Michael T. Heider, P.A.
P.O. Box 1713
Auburndale, FL 33823
Medicaid Income Rules
The rules governing income of Medicaid ICP applicants are more complex than the asset requirements. However, similarly to the asset rules, the income rules can be divided into the two most common scenarios: a married applicant and a single applicant.
For 2009, a single Medicaid ICP applicant in Florida can have $2,022 in monthly income and still qualify for benefits. What happens if the applicant has more than that in income, is the applicant denied Medicaid ICP coverage? No. It simply means that an additional planning tool must be used to qualify the applicant. Any income over the $2,022 must be deposited into a special trust account called a "Qualified Income Trust", or "Miller Trust".
An example will help:
Joe is single and needing nursing home care. His daughter, who is Joe's agent under a Durable Power of Attorney, has come to my office hoping to get Joe qualified for Medicaid ICP after being told by a hospital social worker that he had too much income. Currently he receives the following:
Total income for Joe is $2,300, or $278 over the allowed amount. Accordingly, Joe must place at least the excess $278 into the Qualified Income Trust each month. His daughter or our office can assist him with this process. All of Joe's income, less $35 each month, will go to pay his nursing home bill.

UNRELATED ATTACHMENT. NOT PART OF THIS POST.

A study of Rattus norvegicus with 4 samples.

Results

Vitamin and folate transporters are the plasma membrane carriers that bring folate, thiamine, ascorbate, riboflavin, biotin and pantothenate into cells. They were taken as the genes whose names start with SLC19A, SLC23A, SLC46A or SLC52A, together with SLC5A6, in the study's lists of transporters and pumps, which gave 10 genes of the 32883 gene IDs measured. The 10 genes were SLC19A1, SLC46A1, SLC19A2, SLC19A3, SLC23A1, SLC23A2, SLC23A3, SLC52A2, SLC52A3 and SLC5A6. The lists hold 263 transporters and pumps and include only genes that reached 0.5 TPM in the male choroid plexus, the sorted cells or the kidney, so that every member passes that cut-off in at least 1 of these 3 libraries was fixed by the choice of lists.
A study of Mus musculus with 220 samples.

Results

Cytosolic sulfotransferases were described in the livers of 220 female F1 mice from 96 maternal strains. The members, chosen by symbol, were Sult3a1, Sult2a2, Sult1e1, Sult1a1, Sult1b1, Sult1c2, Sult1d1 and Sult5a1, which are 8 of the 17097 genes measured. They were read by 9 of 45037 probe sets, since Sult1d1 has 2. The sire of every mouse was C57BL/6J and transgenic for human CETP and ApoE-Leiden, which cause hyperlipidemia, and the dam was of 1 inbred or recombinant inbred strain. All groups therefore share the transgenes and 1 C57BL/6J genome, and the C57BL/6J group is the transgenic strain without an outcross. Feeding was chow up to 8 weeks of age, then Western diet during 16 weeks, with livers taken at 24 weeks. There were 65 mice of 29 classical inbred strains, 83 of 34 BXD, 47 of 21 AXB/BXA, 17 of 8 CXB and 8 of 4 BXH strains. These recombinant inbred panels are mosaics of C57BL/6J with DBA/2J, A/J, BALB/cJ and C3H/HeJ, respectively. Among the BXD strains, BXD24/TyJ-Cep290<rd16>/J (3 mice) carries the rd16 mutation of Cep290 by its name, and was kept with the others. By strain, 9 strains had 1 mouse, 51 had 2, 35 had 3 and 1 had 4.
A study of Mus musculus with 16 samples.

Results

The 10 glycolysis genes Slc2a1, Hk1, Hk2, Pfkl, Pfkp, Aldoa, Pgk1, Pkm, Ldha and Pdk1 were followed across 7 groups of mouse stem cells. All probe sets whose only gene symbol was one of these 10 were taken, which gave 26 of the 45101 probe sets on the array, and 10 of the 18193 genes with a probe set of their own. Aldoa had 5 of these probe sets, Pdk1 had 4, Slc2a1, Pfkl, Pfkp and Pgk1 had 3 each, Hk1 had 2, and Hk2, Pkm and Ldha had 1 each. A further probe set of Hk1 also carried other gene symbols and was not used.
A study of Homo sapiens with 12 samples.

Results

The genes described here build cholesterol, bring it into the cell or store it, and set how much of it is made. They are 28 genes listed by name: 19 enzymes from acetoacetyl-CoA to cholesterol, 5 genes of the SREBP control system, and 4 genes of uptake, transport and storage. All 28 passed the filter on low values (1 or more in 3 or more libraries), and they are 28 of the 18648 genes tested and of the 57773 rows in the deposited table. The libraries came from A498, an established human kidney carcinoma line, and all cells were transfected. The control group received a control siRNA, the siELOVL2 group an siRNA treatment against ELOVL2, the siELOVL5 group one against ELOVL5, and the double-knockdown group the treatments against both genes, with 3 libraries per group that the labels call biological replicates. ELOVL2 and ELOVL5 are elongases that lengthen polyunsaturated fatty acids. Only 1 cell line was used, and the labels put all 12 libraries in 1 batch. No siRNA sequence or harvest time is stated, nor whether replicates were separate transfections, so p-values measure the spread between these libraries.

A married applicant is also limited to the $2,022 income limit per month. Any excess will need to be deposited into a Qualified Income Trust, just as Joe did in the example above. However, in this situation, there is a spouse at home whose financial needs must be met as well. The non-applicant spouse is entitled to a minimum amount of the nursing home spouse's income. That amount is called the Minimum Monthly Maintenance Allowance (MMMA).
The Minimum Monthly Maintenance Allowance (MMMA) for the non-applicant spouse is $1,822. An example will help:
John is married to Susan. John is in need of nursing home care. As is common for the Greatest Generation, John was the breadwinner and currently receives the majority of the income from Social Security and a pension. John's income is as follows:
This is a total of $2,300 per month. However, Susan only receives $600 in Social Security benefits. As such, she is entitled to at least $1,222 of John's income to bring her up to the MMMA ($600 + $1,222 = $1,822). Please note that $1,822 is the minimum amount that Susan would receive. A community spouse's particular situation may result him/her receiving up to $2,739. Call today for more details!